Scientists solve a decades-old mystery in the Earth's upper atmosphere
New research published in the journal Nature resolves decades of scientific controversy over the origin of the extremely energetic particles known as ultra-relativistic electrons in the Earth's near-space environment and is likely to influence our understanding of planetary magnetospheres throughout the universe.
Discovering the processes that control the formation and ultimate loss of these electrons in the Van Allen radiation belts—the rings of highly charged particles that encircle the Earth at a range of about 1,000 to 50,000 kilometers above the planet's surface—is a primary science objective of the recently launched NASA Van Allen Probes mission. Understanding these mechanisms has important practical applications, because the enormous amounts of radiation trapped within the belts can pose a significant hazard to satellites and spacecraft, as well astronauts performing activities outside a craft.
Ultra-relativistic electrons in the Earth's outer radiation belt can exhibit pronounced variability in response to activity on the sun and changes in the solar wind, but the dominant physical mechanism responsible for radiation-belt electron acceleration has remained unresolved for decades. Two primary candidates for this acceleration have been "inward radial diffusive transport" and "local stochastic acceleration" by very low-frequency plasma waves.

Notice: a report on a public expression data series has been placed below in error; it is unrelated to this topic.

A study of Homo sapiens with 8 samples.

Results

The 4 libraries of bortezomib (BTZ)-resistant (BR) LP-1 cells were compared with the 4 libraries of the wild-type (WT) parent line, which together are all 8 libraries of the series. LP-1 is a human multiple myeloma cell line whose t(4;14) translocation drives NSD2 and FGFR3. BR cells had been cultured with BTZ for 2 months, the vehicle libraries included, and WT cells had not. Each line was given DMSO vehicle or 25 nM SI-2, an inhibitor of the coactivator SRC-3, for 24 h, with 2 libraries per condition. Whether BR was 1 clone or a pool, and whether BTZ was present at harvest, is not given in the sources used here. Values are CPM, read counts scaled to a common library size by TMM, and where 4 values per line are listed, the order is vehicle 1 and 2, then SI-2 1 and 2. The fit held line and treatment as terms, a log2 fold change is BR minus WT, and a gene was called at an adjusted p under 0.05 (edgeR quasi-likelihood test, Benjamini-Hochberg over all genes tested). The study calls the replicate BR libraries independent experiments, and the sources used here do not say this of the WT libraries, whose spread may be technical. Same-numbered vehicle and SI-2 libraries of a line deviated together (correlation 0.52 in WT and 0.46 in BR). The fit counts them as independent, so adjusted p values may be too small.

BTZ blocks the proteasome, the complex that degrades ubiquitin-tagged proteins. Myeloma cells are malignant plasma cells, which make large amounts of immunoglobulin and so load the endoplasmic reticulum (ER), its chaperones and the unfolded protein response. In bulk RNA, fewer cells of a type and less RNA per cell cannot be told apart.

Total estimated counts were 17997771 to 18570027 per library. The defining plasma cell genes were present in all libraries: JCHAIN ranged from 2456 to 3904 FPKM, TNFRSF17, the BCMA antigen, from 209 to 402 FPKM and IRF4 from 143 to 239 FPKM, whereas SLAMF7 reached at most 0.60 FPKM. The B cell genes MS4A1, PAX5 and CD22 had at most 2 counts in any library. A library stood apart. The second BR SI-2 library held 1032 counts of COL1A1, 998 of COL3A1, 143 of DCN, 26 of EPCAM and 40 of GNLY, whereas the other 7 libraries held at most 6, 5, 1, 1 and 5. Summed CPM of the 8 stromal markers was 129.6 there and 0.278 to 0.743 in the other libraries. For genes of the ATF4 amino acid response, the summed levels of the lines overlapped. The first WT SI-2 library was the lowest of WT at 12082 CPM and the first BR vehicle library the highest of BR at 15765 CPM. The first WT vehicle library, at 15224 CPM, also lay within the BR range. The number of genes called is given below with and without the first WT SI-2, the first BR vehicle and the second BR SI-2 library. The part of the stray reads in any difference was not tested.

In research published Dec. 19 in Nature, lead author Richard Thorne, a distinguished professor of atmospheric and oceanic sciences in the UCLA College of Letters and Science, and his colleagues report on high-resolution satellite measurements of high-energy electrons during a geomagnetic storm on Oct. 9, 2012, which they have numerically modeled using a newly developed data-driven global wave model.
Their analysis reveals that scattering by intense, natural very low–frequency radio waves known as "chorus" in the Earth's upper atmosphere is primarily responsible for the observed relativistic electron build-up.
The team's detailed modeling, together with previous observations of peaks in electron phase space density reported earlier this year by Geoff Reeves and colleagues in the journal Science, demonstrates the remarkable efficiency of natural wave acceleration in the Earth's near-space environment and shows that radial diffusion was not responsible for the observed acceleration during this storm, Thorne said.
Co-authors of the new research include Qianli Ma, a graduate student who works in Thorne's lab; Wen Li, Binbin Ni and Jacob Bortnik, researchers in Thorne's lab; and members of the science teams on the Van Allen Probes, including Harlan Spence of the University of New Hampshire (principal investigator for RBSP-ECT) and Craig Kletzing of the University of Iowa (principal investigator for EMFISIS).
The local wave-acceleration process is a "universal physical process" and should also be effective in the magnetospheres of Jupiter, Saturn and other magnetized plasma environments in the cosmos, Thorne said. He thinks the new results from the detailed analysis of Earth will influence future modeling of other planetary magnetospheres.
The Van Allen radiation belts were discovered in the Earth's upper atmosphere in 1958 by a team led by space scientist James Van Allen.